Drives: E92 M3 and Elise
Join Date: Oct 2006
Location: Land of the Microchip


Clutch friction (and tire slip) will consume some of the energy.

The calculation is much more complex. You have an unknown additional mass in the engine. There is the fact that the clutch engagement needs to be treated more like a physics collision (inelastic) and conservation of momentum needs to be addressed.

4: Yes. I simply wanted to make it clear that the energy has to go somewhere. I figured even footie could understand that. If you could easily just make energy disapear then things like falling off building wouldn't be a problem.

Originally Posted by swamp2 View Post
Nice analysis. Even if the numbers nor method are perfect the point is. A couple questions/corrections:

1. How close are your flywheel mass and radius? I know we don't have actual numbers and I know you are using estimates, but what is your guess?

2. The clutch friction will cause energy to not be conserved. However, even with a lossy joining of spinning disks angular momentum will be conserved. This is the begining of the correct calculation but since you have linear and angular momentum/energy it is a bit more complicated. I don't think you can even calculate the velocity change without a reasonable estimate of the total clutch back moment of intertia.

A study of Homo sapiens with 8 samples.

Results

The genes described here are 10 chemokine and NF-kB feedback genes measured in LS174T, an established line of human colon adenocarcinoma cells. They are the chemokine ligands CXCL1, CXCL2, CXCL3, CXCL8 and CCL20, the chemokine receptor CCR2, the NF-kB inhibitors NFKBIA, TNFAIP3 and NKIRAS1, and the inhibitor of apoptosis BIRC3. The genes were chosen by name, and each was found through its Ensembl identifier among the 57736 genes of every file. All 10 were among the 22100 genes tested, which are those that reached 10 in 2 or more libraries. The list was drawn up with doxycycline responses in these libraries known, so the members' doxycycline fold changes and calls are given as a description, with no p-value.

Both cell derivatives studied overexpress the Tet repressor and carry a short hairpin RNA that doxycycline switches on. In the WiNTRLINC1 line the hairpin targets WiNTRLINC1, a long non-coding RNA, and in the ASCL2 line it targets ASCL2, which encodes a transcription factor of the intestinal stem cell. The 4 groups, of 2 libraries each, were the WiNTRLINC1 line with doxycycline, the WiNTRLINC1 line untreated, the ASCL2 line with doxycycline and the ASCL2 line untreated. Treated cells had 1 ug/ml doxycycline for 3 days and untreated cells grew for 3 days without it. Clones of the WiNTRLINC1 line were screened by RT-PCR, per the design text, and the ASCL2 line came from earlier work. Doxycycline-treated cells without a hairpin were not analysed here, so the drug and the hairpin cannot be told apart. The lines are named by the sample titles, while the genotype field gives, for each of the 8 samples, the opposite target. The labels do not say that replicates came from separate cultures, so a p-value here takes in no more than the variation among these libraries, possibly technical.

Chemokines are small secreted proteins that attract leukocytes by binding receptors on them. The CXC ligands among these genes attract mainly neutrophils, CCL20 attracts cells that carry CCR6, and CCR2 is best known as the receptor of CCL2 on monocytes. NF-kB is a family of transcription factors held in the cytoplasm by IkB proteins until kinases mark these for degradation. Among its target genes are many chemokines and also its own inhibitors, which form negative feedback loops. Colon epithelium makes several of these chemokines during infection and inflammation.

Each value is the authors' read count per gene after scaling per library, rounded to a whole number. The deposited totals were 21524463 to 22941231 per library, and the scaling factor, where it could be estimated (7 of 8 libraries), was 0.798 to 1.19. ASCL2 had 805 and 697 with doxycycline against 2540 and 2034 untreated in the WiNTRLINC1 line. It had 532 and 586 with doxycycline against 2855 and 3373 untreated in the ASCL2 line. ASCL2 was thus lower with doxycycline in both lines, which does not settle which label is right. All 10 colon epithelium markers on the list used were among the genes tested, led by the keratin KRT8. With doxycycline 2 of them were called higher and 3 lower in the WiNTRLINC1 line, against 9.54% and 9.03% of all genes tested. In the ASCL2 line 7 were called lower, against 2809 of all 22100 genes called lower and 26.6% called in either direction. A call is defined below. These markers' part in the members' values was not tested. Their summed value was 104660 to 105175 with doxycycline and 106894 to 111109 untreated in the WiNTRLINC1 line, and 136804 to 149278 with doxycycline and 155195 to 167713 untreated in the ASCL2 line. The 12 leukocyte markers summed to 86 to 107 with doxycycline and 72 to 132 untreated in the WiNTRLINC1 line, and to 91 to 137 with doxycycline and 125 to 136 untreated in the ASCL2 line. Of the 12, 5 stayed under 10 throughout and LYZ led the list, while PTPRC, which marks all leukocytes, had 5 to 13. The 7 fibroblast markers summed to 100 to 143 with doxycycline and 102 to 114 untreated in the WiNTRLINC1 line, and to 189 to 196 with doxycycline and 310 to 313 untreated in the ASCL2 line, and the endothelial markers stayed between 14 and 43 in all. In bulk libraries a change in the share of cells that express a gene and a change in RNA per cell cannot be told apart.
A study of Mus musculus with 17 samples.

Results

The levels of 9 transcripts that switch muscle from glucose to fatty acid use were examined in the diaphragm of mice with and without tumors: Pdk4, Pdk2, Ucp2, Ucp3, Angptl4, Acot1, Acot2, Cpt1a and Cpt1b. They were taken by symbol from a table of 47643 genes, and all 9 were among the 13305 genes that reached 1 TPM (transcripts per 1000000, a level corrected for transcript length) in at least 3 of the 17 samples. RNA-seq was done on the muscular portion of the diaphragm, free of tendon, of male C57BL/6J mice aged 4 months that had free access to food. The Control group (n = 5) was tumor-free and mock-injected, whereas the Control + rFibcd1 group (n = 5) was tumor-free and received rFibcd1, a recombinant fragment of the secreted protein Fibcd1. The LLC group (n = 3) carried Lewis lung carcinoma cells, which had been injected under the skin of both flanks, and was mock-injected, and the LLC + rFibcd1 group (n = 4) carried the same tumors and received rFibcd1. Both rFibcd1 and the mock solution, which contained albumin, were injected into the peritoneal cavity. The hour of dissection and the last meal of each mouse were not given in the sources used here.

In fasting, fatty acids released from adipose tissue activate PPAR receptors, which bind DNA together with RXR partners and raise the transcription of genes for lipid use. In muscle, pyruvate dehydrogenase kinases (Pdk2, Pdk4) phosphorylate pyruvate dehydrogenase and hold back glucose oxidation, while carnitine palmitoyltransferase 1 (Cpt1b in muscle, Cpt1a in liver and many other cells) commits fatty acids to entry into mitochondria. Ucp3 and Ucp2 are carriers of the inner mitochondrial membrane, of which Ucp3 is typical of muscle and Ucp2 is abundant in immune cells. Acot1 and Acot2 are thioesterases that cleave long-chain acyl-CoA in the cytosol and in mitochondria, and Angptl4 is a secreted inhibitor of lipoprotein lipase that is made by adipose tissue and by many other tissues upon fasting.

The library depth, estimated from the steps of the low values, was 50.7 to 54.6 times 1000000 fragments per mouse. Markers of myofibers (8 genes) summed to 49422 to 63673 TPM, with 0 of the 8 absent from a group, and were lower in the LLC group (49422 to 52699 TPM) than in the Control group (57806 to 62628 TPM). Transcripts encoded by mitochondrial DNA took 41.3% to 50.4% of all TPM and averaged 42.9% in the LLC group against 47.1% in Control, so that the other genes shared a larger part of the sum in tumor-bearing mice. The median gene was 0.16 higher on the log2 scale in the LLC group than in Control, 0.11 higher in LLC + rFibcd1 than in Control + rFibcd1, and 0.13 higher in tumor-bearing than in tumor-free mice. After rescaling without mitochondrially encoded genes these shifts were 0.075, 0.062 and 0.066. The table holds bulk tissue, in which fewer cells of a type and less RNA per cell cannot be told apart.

3. Even if energy were conserved, E = .5 * m * v^2 as you stated, but didn't you leave off the 2? So you are off by sqrt(2) = 1.4 in the 20.32 number. It is 1.4 x larger.

4. Footie either does not own a calculator or does not even understand the concept of a percentage (see the recent top speed threads), don't even bother with the forumlae and physics.

@ersin: Come on I expect better from a fellow physics person
Manual gearboxes, the rotary dial of cars.